Dr Andrew McGee, Associate Professor in the Faculty of Law, has delivered a thought provoking new paper on the importance of the therapy v enhancement distinction in regulation germline genome editing. This paper has now been published in the leading bioethics journal.
In a first major study, the UK’s Royal Society found that 76% of people in the UK are in favour of therapeutic germline genomic editing to correct genetic diseases in human embryos, but found there was little appetite for germline genomic editing for non-therapeutic purposes. Assuming the UK (and other governments) acted on these findings, can lawmakers and policymakers coherently regulate the use of biomedical innovations by permitting their use for therapeutic purposes but prohibiting their use for enhancement purposes?
In his paper, Andrew examines the very common claim that the therapy v enhancement distinction does little meaningful work in helping us think through the ethical issues. This claim has significant implications for lawmakers and policymakers who may wish to regulate genomic editing techniques to reflect the findings of this important study.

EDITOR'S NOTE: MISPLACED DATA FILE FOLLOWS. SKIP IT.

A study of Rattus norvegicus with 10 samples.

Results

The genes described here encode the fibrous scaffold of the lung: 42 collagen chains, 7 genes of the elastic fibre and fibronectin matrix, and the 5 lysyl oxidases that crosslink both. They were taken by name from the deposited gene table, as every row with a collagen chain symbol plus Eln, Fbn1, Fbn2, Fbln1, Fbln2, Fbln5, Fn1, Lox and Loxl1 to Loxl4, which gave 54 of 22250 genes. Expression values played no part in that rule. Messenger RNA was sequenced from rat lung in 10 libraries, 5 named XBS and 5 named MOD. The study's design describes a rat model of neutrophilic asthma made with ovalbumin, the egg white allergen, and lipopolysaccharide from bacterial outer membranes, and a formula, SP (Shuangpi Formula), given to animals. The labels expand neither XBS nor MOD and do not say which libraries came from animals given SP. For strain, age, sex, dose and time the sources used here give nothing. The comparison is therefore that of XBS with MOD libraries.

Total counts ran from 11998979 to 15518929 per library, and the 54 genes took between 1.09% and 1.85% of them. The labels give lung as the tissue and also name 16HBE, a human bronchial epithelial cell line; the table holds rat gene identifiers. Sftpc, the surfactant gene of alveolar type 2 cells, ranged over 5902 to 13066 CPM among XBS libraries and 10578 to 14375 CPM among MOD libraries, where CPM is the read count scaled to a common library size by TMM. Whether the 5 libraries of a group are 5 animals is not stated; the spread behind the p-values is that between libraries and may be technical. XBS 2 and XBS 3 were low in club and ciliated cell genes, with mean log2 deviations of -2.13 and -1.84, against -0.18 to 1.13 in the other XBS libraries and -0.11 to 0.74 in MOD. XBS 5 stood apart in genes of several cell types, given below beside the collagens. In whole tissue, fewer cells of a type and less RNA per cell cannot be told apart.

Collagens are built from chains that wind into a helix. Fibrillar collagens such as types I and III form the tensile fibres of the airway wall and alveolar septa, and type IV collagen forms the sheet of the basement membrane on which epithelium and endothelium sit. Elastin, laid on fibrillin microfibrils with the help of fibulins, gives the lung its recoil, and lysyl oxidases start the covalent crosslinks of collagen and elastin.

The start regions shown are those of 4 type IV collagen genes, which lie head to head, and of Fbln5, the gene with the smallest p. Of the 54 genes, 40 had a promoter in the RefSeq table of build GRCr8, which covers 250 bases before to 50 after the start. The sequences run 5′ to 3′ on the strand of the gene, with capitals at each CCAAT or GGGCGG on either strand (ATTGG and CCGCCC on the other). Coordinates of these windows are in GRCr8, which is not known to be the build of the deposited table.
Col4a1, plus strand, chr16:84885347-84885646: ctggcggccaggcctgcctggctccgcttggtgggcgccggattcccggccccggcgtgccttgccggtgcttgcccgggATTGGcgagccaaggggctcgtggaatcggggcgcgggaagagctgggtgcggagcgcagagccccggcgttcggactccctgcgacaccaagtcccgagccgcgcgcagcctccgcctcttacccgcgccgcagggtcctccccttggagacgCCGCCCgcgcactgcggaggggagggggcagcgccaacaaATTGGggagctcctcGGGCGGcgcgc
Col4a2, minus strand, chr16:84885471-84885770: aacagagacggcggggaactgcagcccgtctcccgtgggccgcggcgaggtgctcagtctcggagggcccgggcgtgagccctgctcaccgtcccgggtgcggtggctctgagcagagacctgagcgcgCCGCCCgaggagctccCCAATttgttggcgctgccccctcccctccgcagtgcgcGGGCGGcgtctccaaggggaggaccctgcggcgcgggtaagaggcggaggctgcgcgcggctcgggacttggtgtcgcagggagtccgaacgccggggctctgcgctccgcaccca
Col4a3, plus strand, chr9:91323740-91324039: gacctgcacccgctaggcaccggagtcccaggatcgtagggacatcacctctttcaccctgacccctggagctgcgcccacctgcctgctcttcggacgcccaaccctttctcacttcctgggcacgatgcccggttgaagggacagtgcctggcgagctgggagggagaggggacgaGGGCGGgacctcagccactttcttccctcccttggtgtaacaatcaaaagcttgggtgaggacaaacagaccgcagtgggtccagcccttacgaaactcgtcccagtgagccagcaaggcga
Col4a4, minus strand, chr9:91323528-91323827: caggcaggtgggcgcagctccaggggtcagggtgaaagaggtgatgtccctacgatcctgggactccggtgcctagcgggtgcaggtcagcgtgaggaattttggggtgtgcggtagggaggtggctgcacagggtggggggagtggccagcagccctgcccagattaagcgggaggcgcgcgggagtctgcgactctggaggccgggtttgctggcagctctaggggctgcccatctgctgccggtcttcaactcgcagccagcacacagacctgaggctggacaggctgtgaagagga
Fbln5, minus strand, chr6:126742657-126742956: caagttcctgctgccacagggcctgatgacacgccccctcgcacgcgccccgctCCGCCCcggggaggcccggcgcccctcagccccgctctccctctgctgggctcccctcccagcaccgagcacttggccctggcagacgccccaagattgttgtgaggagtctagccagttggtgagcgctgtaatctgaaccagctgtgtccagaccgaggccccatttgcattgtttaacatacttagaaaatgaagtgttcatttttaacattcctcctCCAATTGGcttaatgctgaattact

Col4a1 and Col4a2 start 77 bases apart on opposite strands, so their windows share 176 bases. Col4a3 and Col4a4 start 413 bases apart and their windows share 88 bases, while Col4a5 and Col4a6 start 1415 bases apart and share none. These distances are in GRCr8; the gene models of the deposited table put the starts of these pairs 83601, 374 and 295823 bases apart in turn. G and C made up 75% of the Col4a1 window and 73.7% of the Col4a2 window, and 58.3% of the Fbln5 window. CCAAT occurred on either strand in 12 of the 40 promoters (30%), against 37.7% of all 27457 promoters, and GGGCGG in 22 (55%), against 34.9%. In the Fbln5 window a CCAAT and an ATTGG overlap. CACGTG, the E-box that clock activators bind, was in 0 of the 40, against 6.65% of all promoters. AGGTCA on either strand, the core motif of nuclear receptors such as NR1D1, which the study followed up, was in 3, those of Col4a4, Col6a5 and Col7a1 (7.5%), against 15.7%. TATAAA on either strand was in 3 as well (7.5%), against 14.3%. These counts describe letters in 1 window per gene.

You can read Andrew’s paper, Using the therapy and enhancement distinction in law and policy, in the bioethics journal.
About Andrew McGee
Andrew is an Associate Professor in the School of Law and is an active member of the Australian Centre for Health Law Research. He has published articles in leading international medical law and ethics journals on palliative care, withholding and withdrawing life-prolonging measures and euthanasia, organ donation, and the ethics of abortion.
You can learn more about Andrew and his research and publications in his staff profile.